Hewlett-Packard Co. isn't known for going out on a limb. But in the early 1980s, when then HP Vice-President Richard A. Hackborn and his team of engineers decided that there was a huge potential market for inexpensive laser printers to work with personal computers, they threw away the rule book. That worked so well that the Boise (Idaho)-based printer business now serves as something of a model for the rest of HP.
What was so different about the printer group? For one thing, it made decisions quickly because it wasn't hamstrung by the overlapping committees that then ruled other HP computer businesses. And, instead of building its own printer "engine," it struck a deal to buy the hardware from Japan's Canon Inc. When it came to marketing, the unit made a key decision: to go after the entire PC market, not just HP's own customers. Engineers made sure the laser printer worked with all IBM PC clones--at a time when HP's own computer division hadn't yet built an IBM-compatible PC. To ship large volumes quickly, they signed on hundreds of computer dealers, who eagerly stocked the printers.
Boise was allowed its independent attitude because the printers were stand-alone products that didn't have to fit into a corporate computer strategy. Because minicomputers and workstations did, they were subject to oversight by HP's committee structure.
But no one at the company's Palo Alto headquarters complained once they saw the results. Debuting in mid-1984, HP's LaserJet was the first successful desktop laser printer, basically a small office copier that uses a laser to etch the dots that form words and images on the copier drum. Even before Apple Computer Inc. promoted "desktop publishing" in 1985, HP was selling the original $3,495 LaserJets by the thousands to PC owners who wanted better output than noisy dot-matrix machines could provide. When desktop publishing came to PCs, sales accelerated. And in 1990, when HP started selling LaserJets designed for the Apple Macintosh, they sold like hotcakes. Seven years after the introduction of the LaserJet, Hewlett-Packard still has nearly 60% of the $3.6 billion market for laser printers.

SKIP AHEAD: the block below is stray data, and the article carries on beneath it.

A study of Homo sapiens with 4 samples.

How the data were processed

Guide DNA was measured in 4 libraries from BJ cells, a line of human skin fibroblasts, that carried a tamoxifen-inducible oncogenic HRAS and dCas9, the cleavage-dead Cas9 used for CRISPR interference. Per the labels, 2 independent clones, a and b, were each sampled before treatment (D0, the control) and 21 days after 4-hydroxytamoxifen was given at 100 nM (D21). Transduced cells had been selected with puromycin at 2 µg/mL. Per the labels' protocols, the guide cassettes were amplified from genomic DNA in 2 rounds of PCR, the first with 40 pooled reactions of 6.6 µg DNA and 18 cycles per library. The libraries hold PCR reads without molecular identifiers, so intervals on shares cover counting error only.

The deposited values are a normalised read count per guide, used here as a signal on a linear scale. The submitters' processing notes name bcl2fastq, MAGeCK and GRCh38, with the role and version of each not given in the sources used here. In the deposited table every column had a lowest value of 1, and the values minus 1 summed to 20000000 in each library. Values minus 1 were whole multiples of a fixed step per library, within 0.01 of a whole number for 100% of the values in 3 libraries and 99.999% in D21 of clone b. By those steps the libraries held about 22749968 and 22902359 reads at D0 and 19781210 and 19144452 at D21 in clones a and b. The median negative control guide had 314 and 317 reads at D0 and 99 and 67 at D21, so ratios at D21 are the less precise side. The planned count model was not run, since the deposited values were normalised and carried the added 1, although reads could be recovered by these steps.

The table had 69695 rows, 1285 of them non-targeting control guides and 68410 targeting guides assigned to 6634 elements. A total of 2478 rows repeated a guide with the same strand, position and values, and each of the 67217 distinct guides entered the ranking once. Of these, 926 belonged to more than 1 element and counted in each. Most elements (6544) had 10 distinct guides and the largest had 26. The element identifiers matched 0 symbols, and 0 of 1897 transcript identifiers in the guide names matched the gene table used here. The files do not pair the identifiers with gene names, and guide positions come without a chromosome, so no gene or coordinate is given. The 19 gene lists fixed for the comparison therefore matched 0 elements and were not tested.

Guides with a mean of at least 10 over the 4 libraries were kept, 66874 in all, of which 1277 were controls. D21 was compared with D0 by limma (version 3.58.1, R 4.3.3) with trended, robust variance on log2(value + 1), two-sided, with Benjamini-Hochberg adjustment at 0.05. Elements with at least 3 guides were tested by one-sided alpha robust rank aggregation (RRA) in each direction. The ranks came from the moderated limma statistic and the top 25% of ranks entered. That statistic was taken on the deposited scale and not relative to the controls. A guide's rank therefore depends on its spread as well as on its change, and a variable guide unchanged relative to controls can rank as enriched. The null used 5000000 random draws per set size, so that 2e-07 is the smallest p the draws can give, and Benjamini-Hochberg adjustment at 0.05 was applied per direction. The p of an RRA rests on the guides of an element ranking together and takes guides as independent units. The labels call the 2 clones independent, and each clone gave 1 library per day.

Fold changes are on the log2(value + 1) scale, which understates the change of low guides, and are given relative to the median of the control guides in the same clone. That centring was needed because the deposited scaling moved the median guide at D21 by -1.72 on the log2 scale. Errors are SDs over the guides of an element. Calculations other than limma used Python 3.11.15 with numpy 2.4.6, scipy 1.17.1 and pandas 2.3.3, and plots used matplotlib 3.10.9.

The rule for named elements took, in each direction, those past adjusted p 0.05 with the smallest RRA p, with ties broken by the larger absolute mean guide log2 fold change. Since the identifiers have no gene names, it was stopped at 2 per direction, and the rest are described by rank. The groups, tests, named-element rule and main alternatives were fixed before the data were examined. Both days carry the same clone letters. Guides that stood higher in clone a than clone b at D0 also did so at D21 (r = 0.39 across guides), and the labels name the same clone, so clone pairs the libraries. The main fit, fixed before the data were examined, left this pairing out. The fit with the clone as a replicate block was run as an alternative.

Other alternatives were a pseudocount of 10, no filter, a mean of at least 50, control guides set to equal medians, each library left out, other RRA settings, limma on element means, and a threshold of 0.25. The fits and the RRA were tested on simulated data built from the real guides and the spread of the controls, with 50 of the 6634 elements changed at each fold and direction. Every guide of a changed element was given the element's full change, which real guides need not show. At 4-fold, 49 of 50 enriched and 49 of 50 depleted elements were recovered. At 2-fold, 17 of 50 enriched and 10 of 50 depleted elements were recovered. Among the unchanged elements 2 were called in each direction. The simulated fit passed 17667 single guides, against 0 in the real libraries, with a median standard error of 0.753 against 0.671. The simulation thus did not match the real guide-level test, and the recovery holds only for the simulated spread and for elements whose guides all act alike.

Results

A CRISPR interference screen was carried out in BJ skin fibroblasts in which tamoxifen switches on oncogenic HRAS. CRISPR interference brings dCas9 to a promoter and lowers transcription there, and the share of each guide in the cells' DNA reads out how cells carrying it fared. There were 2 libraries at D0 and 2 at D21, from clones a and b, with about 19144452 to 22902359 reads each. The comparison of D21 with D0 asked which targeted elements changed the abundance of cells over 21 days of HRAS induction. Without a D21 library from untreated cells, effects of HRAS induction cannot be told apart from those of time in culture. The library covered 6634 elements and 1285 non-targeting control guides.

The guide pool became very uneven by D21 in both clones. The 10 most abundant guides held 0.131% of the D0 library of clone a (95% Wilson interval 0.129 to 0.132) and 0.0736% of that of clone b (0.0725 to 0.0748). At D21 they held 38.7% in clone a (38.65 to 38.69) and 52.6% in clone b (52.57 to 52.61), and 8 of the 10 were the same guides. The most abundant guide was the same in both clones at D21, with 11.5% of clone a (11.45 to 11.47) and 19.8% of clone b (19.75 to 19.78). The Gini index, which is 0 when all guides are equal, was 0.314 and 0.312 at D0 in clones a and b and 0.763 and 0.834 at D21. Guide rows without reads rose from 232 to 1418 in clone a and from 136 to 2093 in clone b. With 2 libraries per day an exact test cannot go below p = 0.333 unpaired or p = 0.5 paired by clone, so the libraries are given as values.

HP's thriving, $2 billion-plus printer business--which now includes about a dozen models of low-cost, ink-jet and laser printers--has presented to HP executives new alternatives for doing business. "LaserJet really blazed a trail here," says HP software group General Manager Bob Frankenberg.
And HP's laser printers have proven that HP can be nimble enough to keep ahead. Boise has brought out new models at an aggressive pace, giving competitors little opportunity to grab a bigger slice of the market. IBM, the nearest rival, has only an 11% share. To keep pushing prices down, HP has continually cut costs with new manufacturing techniques. And managers have kept a tight lid on expenses, despite 40% annual revenue growth. "That is a major lesson for the rest of HP," says Hackborn.
As competition at the dealer level intensifies, HP is keeping pace. When it replaced the $2,695 LaserJet II with the LaserJet III a year ago, it added more features and cut the price to $2,395. Then, in February, HP dropped the price on its LaserJet IIP to $1,295 from $1,495--just in time to match Apple's new $1,299 Personal LaserWriter LS, introduced in March.
If not an out-and-out role model, the printer business has become something of an inspiration for HP managers. Last year, 150 HP executives crowded into a meeting to hear Hackborn share some of his management secrets. The most obvious lesson? Sometimes, it pays to break a few rules.